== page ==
The Cuomo administration has ordered nursing homes statewide to ramp up coronavirus testing of all staffers to twice weekly amid an outbreak of the killer bug at numerous facilities.
The state Health Department issued the edict to double COVID-19 staff testing from weekly to semi-weekly in a letter sent Thursday to 615 nursing homes, a copy of which was obtained by The Post.
“In consideration of the continued and sustained community spread of COVID-19 in all regions of the state, the Commissioner [Howard Zucker] is directing nursing homes to increase the frequency of testing of staff, as an essential measure to protect residents and ensure prompt and appropriate care for staff,” DOH nursing home director Sheila McGarvey said in the letter.
“Operators and administrators of all nursing homes are required to test or arrange for the testing of all personnel, including all employees, contract staff, medical staff, operators and administrators, for COVID-19 twice per week in all nursing homes.”
The state’s call for additional testing also was discussed in a DOH conference call with nursing home operators.
“We were told there were active outbreaks in nursing homes,” said James Clyne, president of Leading Age New York, an advocacy group which represents 200 not-for-profit nursing homes homes.
The outbreaks are not as severe or extensive in nursing homes as last spring, when Gov. Andrew Cuomo said the coronavirus spread like “fire through dry grass” and killed thousands of frail elderly residents.
Still, the flare-up in cases in nursing homes is concerning. The state has restricted visitations to nursing homes and yet COVID-19 cases continue to pop up, raising questions about how the deadly virus is being transmitted.
More than 7,000 residents have died in nursing homes, according to the Health Department. But that figure does not include nursing home residents who were ill and died in hospitals, which critics of the state’s counting said could double the tally.
Cuomo and the Health Department have been sued after being accused of failing to fully disclose nursing home fatalities under the Freedom of Information law. The case is pending and state officials claim they are complying the law.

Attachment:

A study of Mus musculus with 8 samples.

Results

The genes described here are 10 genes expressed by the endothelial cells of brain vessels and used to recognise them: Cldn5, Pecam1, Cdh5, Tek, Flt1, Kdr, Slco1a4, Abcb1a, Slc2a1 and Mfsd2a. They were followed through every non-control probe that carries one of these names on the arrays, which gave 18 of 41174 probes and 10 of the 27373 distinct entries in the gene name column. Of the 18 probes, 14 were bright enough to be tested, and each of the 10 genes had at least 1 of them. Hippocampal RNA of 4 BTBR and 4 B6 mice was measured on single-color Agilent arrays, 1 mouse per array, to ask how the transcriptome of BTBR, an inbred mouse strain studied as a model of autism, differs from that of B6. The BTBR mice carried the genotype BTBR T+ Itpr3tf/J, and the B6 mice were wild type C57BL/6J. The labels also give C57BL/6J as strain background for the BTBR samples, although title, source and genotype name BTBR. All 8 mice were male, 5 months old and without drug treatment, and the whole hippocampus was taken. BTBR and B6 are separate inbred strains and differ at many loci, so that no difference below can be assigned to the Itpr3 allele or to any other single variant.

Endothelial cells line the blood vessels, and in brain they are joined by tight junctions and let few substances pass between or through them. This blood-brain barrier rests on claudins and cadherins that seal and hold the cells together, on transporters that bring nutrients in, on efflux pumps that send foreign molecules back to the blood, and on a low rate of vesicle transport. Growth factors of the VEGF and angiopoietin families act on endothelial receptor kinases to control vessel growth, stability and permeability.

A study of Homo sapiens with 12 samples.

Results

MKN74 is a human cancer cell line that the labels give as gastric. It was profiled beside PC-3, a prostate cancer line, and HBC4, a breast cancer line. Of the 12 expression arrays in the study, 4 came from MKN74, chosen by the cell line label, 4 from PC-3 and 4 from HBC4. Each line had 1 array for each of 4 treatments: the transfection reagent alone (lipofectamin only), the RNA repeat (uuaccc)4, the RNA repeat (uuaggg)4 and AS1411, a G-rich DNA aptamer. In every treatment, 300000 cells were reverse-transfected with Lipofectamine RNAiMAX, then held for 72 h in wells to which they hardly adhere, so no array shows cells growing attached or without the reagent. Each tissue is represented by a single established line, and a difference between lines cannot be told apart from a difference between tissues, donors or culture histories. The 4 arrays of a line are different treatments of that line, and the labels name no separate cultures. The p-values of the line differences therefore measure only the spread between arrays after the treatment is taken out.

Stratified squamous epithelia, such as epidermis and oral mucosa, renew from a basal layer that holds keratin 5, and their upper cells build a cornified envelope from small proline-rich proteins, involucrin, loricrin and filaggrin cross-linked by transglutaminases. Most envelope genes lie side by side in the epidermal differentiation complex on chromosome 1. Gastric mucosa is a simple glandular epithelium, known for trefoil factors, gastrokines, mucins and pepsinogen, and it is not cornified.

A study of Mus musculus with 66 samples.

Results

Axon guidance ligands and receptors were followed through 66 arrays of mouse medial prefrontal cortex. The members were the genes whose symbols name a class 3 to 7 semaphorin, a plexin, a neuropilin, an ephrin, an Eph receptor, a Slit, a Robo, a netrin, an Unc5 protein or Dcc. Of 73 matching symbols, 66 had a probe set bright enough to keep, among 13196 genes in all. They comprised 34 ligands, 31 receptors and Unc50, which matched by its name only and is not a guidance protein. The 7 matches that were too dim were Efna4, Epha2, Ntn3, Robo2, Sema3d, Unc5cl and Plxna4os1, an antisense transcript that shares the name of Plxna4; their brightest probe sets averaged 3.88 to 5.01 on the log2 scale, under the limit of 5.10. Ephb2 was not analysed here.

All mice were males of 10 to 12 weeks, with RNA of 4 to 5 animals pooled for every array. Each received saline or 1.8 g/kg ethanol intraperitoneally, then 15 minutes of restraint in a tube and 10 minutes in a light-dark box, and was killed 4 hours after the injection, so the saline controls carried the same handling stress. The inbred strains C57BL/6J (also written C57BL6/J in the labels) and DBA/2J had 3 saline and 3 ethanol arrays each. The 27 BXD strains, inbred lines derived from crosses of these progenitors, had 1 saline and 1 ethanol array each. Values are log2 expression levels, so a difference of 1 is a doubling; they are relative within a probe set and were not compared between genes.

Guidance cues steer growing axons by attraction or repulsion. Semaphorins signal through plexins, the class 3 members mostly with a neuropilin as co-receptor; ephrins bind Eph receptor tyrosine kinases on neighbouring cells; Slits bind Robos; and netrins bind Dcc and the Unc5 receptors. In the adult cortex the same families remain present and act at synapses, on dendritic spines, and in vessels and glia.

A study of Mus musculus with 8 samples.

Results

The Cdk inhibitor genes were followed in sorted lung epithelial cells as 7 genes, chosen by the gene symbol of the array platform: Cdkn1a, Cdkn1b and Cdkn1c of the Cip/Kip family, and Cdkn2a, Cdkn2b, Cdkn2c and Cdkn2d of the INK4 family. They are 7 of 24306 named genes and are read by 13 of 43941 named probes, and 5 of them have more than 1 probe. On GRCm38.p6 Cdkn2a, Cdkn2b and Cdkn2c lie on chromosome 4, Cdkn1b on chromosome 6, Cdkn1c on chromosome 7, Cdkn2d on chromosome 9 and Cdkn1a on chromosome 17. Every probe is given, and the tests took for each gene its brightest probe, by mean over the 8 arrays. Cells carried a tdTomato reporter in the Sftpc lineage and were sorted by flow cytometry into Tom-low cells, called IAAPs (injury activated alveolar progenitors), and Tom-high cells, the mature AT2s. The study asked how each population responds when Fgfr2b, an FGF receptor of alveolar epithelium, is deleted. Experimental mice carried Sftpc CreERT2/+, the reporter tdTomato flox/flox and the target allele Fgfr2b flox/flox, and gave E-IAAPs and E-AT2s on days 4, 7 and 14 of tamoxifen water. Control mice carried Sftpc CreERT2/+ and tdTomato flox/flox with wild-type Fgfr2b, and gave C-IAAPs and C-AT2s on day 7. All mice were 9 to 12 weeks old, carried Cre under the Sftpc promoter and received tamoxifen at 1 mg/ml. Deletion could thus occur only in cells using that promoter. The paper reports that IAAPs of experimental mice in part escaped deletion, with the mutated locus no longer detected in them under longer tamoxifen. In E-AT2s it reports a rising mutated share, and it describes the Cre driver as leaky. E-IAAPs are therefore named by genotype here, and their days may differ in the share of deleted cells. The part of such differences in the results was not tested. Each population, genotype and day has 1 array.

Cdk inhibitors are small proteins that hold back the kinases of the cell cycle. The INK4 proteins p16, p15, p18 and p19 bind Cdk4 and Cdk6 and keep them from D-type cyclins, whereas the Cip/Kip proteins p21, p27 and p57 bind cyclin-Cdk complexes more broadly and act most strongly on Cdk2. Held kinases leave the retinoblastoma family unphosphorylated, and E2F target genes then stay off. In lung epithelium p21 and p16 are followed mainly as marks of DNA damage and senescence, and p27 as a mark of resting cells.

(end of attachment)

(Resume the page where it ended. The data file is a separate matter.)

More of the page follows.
The administration also came under a firestorm of criticism for a controversial policy, since rescinded, that directed nursing homes to readmit recovering COVID-19 from hospitals without being tested. Critics claimed the policy accelerated the spread of the virus in nursing homes, while Cuomo and health officials pinned the outbreaks on staffers who didn’t know they were infected.
The state previously ordered nursing homes to conduct twice weekly coronavirus testing on staffers when the pandemic hammered New York in mid-2020. But the requirement was dropped to weekly testing in June after infections dropped — except for nursing homes located in micro-cluster areas where there were a flare-up of cases.
The order gives nursing homes seven days to comply with the order — or face fines or license suspension or revocation. Nursing home operators have complained that the state has been trigger happy in issuing fines for minor reporting delays amid the pandemic.
“Please be advised that any nursing home that fails to comply with this directive may be subject to a penalty of $2,000 per violation per day, and $10,000 per violation per day for any subsequent violations. Additionally, the Department may suspend or revoke such facilities operating certificate, and a receiver appointed to continue operations on 24 hours’ notice.
Health officials said they will distribute half the weekly tests to nursing homes to help them meet the semi-weekly directive. DOH will distribute Abbott Laboratories’ Binax NOW rapid antigen test to nursing homes, which will be used as the second weekly test given to all staffers.
DOH spokesman Gary Holmes said 586,000 of the Abbott rapid tests will be sent to 600 nursing homes. Federal funds will be used to cover the costs.
The Health Department calls up to 50 nursing homes a day to get a read on COVID infection rate.
“We are seeing an increase in community spread in all corners of the state and that has translated into an increase in these facilities,” Holmes said.